A Part of Something Purposeful (1 Corinthians 16)

Let’s start the week off with something totally depressing. After all, it’s Monday, the day after Sunday — the only day we’ve seen in a long time with its namesake, the sun making an appearance! And it’s going to rain again much of today. Just filled with good cheer here … so, here it is …

You love your family, but in four or five generations, nobody in going to remember who you are … this is, unless you do something really important or newsworthy, like become a serial killer or something like that. How do I know this? OK … name the names of your great-great-grandfathers.

So, you live, you do a few things, you die, a few folks cry for a couple of hours, and generational history dementia begins. (I told you this was going to be depressing.)

But here’s some good news: God does not forget you. He knew you before you were born. He chose you before you were born. Don’t argue with me on that last point, that’s what the words of the Scripture say. So if he has known you since before you knew yourself, he is going to know you after you are gone and nobody remains to remember you.

So while it is great to achieve a reasonably high level of success and reward in terms of the scorecard of material gains and assets, it is better to invest at least a decent portion of those resources in stuff that is going to be remembered eternally. We can help you out!

Our question for this series is “Why Church?”  The church is the bride of Christ. That’s pretty important, and the marriage begins our eternity future. And our question for this week is “Why Give?”  And we’ll give you five reasons that come out of a passage in 1 Corinthians 16:1-4 where Paul says this …

Now about the collection for the Lord’s people: Do what I told the Galatian churches to do.  On the first day of every week, each one of you should set aside a sum of money in keeping with your income, saving it up, so that when I come no collections will have to be made. Then, when I arrive, I will give letters of introduction to the men you approve and send them with your gift to Jerusalem. If it seems advisable for me to go also, they will accompany me.

The first reason or answer to the question “why give?” is that it is purposeful, it is for the Lord’s people. All that we give to the church, be it for benevolent purposes (as in this case) or for costs related to personnel, materials, projects or facilities to make it all happen … these are given with a purpose of growing the work of God’s people, the church. And it is work that has eternal consequence and reward, stuff that will not be forgotten.

In the context of this end of Paul’s first letter to the Corinthians, this “collection” related to providing funds for the relief of Christians in the very first of all the churches — the church in Jerusalem. Why was this church poorer than the others?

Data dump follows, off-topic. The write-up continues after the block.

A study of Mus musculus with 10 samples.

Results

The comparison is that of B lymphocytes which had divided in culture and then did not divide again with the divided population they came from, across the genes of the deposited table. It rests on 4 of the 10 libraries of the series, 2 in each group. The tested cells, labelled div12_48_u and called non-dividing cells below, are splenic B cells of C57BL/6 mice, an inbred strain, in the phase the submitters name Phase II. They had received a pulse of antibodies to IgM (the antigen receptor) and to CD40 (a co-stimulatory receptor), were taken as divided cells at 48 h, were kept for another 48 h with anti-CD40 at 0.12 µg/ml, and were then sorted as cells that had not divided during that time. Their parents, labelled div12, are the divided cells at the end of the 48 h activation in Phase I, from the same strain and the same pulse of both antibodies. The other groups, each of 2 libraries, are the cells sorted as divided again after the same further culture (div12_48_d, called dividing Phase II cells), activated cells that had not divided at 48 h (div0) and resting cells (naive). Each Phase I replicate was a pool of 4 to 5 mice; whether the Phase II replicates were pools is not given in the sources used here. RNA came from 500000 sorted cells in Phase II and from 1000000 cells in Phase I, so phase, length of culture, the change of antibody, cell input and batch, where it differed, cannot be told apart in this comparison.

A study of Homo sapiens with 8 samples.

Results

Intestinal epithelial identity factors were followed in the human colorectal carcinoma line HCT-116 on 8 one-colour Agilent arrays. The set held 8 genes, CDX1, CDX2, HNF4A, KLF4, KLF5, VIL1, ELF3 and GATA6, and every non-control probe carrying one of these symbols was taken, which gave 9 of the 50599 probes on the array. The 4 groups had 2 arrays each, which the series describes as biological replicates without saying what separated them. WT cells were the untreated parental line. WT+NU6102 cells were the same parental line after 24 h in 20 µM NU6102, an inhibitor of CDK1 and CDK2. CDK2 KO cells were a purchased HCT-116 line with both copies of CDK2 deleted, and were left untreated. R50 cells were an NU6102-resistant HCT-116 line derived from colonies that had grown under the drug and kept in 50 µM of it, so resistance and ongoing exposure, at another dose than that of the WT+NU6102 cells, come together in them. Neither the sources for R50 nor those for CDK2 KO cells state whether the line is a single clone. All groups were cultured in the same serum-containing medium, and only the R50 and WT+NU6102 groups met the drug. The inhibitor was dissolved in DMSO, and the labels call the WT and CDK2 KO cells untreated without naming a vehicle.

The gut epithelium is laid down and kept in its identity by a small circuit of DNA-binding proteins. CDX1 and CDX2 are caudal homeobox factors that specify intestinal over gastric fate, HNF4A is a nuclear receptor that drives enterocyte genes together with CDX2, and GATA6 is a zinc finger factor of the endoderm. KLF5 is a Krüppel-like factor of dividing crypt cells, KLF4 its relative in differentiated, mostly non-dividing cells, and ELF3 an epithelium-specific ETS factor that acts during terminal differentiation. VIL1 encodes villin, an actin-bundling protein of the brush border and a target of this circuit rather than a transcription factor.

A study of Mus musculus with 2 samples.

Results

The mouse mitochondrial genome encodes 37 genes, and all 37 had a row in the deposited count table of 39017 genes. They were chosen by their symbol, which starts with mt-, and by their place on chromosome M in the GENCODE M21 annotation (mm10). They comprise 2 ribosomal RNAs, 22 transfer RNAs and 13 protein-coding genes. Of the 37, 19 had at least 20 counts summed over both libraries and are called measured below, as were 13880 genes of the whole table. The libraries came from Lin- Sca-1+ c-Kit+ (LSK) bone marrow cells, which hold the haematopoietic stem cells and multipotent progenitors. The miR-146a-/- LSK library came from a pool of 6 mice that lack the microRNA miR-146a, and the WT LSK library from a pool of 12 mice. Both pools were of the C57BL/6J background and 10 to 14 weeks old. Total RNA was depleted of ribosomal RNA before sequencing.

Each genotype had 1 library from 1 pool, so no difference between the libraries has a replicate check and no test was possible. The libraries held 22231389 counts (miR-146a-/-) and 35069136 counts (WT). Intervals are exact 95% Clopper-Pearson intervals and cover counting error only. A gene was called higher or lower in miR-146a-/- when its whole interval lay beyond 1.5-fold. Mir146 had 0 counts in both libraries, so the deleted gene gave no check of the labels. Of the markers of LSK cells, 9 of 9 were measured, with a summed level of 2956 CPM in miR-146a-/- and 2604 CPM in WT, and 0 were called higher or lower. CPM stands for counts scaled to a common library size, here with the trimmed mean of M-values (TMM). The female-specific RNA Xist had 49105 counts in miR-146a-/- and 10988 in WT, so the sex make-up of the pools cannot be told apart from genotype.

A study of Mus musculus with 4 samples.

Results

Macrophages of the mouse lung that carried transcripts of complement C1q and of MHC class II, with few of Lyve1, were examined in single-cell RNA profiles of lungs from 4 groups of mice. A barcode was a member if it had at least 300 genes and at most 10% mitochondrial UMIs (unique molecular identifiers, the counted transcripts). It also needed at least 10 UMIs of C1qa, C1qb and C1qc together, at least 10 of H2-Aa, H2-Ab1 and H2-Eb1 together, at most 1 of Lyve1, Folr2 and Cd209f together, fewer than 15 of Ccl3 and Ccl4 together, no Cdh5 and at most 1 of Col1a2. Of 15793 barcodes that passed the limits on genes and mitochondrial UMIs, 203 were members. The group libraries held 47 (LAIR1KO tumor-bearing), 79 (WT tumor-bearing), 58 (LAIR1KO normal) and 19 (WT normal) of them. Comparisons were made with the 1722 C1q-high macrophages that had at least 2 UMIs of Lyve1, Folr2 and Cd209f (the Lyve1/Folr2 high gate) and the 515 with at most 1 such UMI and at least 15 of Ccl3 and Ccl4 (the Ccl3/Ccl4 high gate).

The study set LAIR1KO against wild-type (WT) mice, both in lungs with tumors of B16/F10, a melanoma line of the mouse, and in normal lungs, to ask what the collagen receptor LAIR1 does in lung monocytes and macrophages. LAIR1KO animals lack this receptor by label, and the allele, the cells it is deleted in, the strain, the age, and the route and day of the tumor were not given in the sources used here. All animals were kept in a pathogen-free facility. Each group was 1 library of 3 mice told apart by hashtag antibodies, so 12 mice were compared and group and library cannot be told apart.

• Jerusalem was a poor city to begin with, often a place flooded by people who came on feasts and pilgrimages.
  • As the center of Judaism, the early Christians there were particularly persecuted for their belief that the Messiah had come and been rejected by the Jews.
  • Many of those who were converted on the Day of Pentecost and thereafter had likely stayed there, sharing “all things in common” as it said in Acts, likely living with multiple families in a single home and scratching out a living.
  • There was a famine in that region that lasted for four years — we see this referenced in Acts 11.

Paul also had a purposeful passion beyond the mere human needs to be addressed by these gifts. He wanted to see the body of Christ become One, bringing together the disparate background of Jews and Gentiles into one new and amazing family unity, unlike anything else. And he realizes this is a great opportunity to do just that. Not only might he help relieve the needs of the Jerusalem church, but in an overwhelming act of love, this money from many Gentiles would go a long way to solidify union in the family of faith.

These early Christians, on both the giving and receiving ends, would realize that they were a part of something so much bigger and greater than anything else. It is the stuff of eternity.

And this remains true in our generation. The dollar that provides a building with a youth program and a youth worker with resources … who meets a visiting student who enjoys the event and comes back, trusting in Christ as savior … who gets discipled over time and ends up on a mission field in another part of the world where a new church is begun there … this is the work of the church. And we can be a part of it and rejoice throughout all of eternity for what was accomplished in the mundane of the here and now.

This entry was posted in Why Church and tagged by Randy Buchman. Bookmark the permalink.

About Randy Buchman

I live in Western Maryland, and among my too many pursuits and hobbies, I regularly feed multiple hungry blogs. I played college baseball, coached championship cross country teams at Williamsport (MD) High School, and have been a sportswriter for various publications and online venues. My main profession is as the lead pastor of a church in Hagerstown called Tri-State Fellowship. And I'm active in Civil War history and work/serve at Antietam National Battlefield with the Antietam Battlefield Guides organization. Occasionally I sleep.